Young adult Hispanic woman is talking with young adult Caucasian blonde woman and young adult African American woman outside on college campus. Women are nursing or medical students. They are wearing hospital scrubs and stethoscopes.

The pool for potential nursing home workers in Iowa just grew by more than 300, thanks to state grants created to build a healthcare career pipeline. 

Iowa Workforce Development announced the second round of grants through its Health Careers Registered Apprenticeship Program with a total of $13.5 million awarded to 21 healthcare and education entities. The program will support 1,463 apprentices, according to a press release from Iowa WorkForce Development. 

“We still have an uphill battle we’re going to be fighting for years but being able to pay for education and pay wages — that’s going to help us out a ton,” Kim Schilling, CEO of Bethany Life, told McKnights Long-Term Care News on Tuesday. 

Bethany Manor in Story City, IA, received a $237,000 grant to fund 30 apprenticeships. Schilling said the company plans to fund wages plus classes, educational materials, and testing for certifications for current employees, high school students, and single mothers. 

“I know we have plenty of employees in-house who would jump at this opportunity,” Schilling said. “Many people don’t get paid during training, and they can’t afford that.” 

Schilling said they plan to hire people into non-certified positions such as homemaker, housekeeping, or companion and then pay for them to become certified nurse aides or a medication aide. Bethany Life will work with local high schools and community colleges to promote the opportunities. 

In February, McKnights reported that four nursing homes were put into receivership after the operator told the state Dept. of Inspections and Appeals it could no longer sustain the facilities. Since February 2022, 17 skilled nursing facilities have shuttered due to “an extraordinary explosion” of wages and operating costs.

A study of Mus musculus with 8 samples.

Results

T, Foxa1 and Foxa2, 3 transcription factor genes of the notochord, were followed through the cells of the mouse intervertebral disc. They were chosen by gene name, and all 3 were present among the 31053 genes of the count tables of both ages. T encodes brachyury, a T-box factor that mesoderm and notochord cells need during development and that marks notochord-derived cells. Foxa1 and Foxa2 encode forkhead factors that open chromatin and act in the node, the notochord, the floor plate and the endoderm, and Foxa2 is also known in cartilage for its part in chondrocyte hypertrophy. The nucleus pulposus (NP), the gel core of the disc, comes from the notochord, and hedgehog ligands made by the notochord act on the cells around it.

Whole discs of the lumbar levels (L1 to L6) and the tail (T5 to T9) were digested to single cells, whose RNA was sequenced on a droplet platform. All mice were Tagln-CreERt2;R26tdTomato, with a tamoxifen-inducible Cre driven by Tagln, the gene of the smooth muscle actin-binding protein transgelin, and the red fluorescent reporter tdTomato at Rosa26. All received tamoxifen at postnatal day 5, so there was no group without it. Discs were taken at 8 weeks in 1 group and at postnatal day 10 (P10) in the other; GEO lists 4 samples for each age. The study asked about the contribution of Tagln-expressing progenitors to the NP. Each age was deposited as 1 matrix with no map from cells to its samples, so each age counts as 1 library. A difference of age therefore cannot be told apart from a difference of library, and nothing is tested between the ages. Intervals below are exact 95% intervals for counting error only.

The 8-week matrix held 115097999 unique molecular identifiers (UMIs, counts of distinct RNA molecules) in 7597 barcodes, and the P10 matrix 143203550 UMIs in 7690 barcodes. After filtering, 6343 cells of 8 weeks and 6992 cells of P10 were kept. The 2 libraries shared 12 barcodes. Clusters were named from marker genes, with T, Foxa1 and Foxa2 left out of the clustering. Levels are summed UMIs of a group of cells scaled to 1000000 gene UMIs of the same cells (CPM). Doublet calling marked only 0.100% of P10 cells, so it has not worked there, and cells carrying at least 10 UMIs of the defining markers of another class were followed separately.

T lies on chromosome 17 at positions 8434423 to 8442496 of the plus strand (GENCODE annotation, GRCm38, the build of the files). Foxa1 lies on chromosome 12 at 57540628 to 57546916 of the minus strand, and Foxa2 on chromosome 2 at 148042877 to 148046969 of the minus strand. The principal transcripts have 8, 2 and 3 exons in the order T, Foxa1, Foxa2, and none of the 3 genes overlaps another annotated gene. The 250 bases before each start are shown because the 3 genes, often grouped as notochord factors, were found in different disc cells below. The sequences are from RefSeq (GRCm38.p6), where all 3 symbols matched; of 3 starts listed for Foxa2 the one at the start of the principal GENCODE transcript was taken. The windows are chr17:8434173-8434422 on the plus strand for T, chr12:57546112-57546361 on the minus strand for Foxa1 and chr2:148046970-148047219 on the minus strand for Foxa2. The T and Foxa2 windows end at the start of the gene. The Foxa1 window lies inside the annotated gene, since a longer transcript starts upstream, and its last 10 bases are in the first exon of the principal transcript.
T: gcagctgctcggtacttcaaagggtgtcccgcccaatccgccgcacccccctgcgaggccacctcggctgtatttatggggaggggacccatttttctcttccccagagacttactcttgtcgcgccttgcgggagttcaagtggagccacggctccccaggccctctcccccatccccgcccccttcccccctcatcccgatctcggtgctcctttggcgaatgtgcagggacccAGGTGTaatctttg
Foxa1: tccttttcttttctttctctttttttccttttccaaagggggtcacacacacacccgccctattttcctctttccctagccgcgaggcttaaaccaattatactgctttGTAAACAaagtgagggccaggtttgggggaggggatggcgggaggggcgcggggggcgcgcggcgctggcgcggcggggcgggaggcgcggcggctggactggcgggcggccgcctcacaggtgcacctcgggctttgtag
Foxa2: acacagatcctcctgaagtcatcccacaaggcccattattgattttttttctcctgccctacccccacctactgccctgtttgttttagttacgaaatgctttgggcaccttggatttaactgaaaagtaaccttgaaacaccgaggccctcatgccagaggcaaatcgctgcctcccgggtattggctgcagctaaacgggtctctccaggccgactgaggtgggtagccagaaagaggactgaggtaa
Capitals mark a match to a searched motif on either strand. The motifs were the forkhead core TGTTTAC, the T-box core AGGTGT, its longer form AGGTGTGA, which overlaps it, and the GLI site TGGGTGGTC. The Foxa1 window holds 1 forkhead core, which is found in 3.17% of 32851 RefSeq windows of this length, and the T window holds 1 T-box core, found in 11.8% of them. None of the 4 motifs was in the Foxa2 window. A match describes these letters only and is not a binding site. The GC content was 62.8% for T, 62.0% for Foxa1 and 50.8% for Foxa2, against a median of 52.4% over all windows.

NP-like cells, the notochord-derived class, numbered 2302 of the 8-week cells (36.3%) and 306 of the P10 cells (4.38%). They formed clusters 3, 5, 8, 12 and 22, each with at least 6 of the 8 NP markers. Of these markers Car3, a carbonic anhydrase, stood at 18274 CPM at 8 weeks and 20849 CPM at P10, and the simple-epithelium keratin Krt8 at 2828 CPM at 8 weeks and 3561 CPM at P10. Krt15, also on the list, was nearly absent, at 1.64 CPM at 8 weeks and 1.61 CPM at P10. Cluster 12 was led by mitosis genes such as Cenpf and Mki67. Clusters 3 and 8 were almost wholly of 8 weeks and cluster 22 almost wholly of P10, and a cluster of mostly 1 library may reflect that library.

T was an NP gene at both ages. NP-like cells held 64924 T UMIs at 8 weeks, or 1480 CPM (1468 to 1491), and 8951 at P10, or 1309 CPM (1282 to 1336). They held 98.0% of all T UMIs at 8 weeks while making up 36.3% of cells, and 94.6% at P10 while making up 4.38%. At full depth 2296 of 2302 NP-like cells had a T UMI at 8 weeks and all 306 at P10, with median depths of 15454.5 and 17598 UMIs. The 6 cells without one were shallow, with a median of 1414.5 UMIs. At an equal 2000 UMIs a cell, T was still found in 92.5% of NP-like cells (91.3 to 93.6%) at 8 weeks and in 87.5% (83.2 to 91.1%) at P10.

“Whatever we can do to encourage people to work in healthcare, especially with older adults, the better,” said Shannon Strickler, president and CEO of LeadingAge Iowa. “It’s not a magic bullet that’s going to solve the issue, but it’s certainly hopeful that we continue to make investments into bringing additional people into the healthcare workforce.”

Strickler told McKnights Long-Term Care News on Tuesday that workforce issues are “far and away” the association’s members’ biggest concern.

A spokeswoman for the Iowa Health Care Association told McKnights that the grants will help high school students build long-term care career skills through on-the-job training. 

“This apprenticeship grant provides another tool in the toolbox to help recruit more nurses and direct care workers,” said Lori Ristau, the association’s senior vice president for Strategic Communications. “Iowa nursing homes need more workers, and the positions most in demand are nursing and direct care positions.”

Other long-term care facilities that were awarded grants include: 

  • Charter Senior Living Sioux City, LLC, Sioux City, received $213,990 for 52 Apprentices;
  • LifeCare Companies, LLC, in Des Moines received $157,763 for 30 apprentices
  • WesleyLife in Johnston received $416,325 for 80 apprentices;
  • Western Home Services, Inc, in Cedar Falls received $1,341,617 for 135 apprentices;
  • Whiting Commercial Development Corporation in Whiting received $765,608 for 68 apprentices.

In June 2022, the state awarded the first round of apprenticeship grants totaling $2.45 million to help fund 450 new apprentices, the WorkForce Development press release said.